Gardening in Dry Times: Strategies to Overcome Water Restrictions
Water is the lifeblood of any garden. But what happens when drought hits and water restrictions are imposed? Down here in Central Texas we are in the middle of an extraordinary drought which has most of us unable to water much. While this scenario can be a daunting challenge for gardeners, it's not an insurmountable one. With innovative techniques, careful planning, and a dash of old fashioned resilience, it's possible to maintain a flourishing garden even under strict water constraints. Here's how:
1. Know Your Restrictions:
First and foremost, be fully aware of the specifics of the water restrictions in your area. Restrictions can range from limiting watering to specific days and times, to banning the use of hosepipes and sprinklers, to complete water bans in extreme cases. This is NOT a recommendation to bypass or ignore local restrictions. Water conservation in these times is crucial and the restrictions are imposed with good reason.
2. Prioritize Plants:
If water is extremely limited, decide which plants are the most valuable or irreplaceable in your garden. Prioritize watering young plants, vegetables, and trees over lawns or annuals.
3. Go Native:
Native plants have evolved over millennia to thrive in their local conditions. They are usually well-adapted to periods of drought and require much less water than non-native plants. Research local species and make them the cornerstone of your drought-resistant garden.
4. Improve Your Soil:
Healthy soil retains water better. Mix in organic matter like compost, Organic REV or well-rotted manure to boost its water-holding capacity. This not only conserves moisture but also provides plants with essential nutrients.
5. Mulch, Mulch, Mulch:
Mulch is a gardener's best ally in times of drought. A 2-3 inch layer of organic mulch, such as straw, wood chips, or dried grass clippings, can reduce evaporation from the soil surface, suppress weeds that compete for water, and regulate soil temperature.
6. Efficient Watering Techniques:
- Drip Irrigation: This delivers water directly to the base of plants, ensuring minimal wastage.
- Soaker Hoses: These allow water to seep out along their length, ensuring targeted watering.
- Watering Cans: While labor-intensive, they can be used to deliver water precisely where it's needed. In our particular area, watering cans are that are allowed so we have become quite skilled at keeping our small garden going with just a can.
Remember, watering deeply and less frequently encourages roots to grow downwards, seeking moisture from deeper in the soil.
7. Collect and Store Rainwater:
Install rain barrels or larger cisterns to collect rainwater from roof runoff. While some water restrictions may regulate the use of rainwater, it's generally a more accepted source during droughts. As a bonus, rainwater has no hardness and is sodium free with a neutral pH.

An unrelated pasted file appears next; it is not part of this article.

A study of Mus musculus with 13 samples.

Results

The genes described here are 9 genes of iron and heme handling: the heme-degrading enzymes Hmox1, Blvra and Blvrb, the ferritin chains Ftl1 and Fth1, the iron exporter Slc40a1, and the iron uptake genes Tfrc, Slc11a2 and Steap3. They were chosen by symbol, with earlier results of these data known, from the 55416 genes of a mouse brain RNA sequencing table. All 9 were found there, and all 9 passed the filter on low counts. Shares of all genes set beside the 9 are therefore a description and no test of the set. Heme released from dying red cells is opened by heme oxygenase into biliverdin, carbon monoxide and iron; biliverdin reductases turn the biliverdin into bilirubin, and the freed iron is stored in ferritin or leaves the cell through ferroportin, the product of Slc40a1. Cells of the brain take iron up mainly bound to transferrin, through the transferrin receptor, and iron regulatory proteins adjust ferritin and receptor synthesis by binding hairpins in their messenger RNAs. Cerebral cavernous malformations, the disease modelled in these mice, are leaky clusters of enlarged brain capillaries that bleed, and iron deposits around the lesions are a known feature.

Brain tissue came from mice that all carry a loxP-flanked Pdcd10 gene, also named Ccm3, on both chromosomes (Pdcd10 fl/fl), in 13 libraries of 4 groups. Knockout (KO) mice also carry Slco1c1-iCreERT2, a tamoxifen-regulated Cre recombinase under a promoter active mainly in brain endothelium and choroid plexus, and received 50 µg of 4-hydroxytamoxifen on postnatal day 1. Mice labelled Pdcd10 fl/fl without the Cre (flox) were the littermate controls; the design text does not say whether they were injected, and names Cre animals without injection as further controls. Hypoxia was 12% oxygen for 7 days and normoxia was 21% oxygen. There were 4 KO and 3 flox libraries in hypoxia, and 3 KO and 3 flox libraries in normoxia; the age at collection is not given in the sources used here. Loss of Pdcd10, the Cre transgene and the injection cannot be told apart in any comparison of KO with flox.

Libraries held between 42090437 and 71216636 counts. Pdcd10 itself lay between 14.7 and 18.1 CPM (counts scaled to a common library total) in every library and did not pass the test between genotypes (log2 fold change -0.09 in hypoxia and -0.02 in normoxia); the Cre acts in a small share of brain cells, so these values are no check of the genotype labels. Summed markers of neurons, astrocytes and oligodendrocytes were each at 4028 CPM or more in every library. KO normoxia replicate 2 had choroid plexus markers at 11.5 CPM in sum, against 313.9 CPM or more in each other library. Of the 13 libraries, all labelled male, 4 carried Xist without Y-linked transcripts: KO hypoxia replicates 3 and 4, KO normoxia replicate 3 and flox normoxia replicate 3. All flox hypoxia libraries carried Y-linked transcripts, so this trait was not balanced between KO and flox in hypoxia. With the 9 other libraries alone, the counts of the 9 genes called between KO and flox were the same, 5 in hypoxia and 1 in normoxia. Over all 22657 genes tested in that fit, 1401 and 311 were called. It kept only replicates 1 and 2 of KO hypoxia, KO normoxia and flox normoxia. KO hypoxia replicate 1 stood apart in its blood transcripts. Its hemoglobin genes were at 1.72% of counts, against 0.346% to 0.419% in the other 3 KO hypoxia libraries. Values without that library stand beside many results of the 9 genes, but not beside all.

8. Reduce Evaporation:
Water early in the morning or late in the evening when temperatures are cooler, and evaporation rates are lower.
9. Consider Lawn Alternatives:
Lawns can be water guzzlers. Consider replacing or reducing your lawn with drought-tolerant ground covers, native grasses, or even hardscaping.
10. Group Plants by Water Needs:
Design or rearrange your garden so that plants with similar water requirements are grouped together. This "hydrozoning" reduces water waste and ensures that each plant receives the right amount of moisture. This is admittedly tough to do mid-season but if you live in areas where drought is common you should plan for the worst as you lay out your garden.
11. Check for Leaks:
A small leak in your watering system can result in a significant waste of water over time. Regularly inspect hoses, connectors, and faucets to ensure they're in good working order.
12. Reduce Fertilizer Use:
Excessive fertilizer can increase a plant's need for water. If possible, reduce the amount you use or switch to slow-release or organic fertilizers that won't push plants to put on a lot of lush, water-hungry growth. Eco-Organic is a great low-nitrogen option that is fully sustainable (made from grocery store waste) and full of amino acids and micronutrients.
Drought conditions and water restrictions demand creativity and adaptability from gardeners. While it's a challenge, it's also an opportunity to learn, innovate, and grow as a gardener. With these strategies in hand, your garden can not only survive but thrive, even when water is scarce. Happy drought-resilient gardening!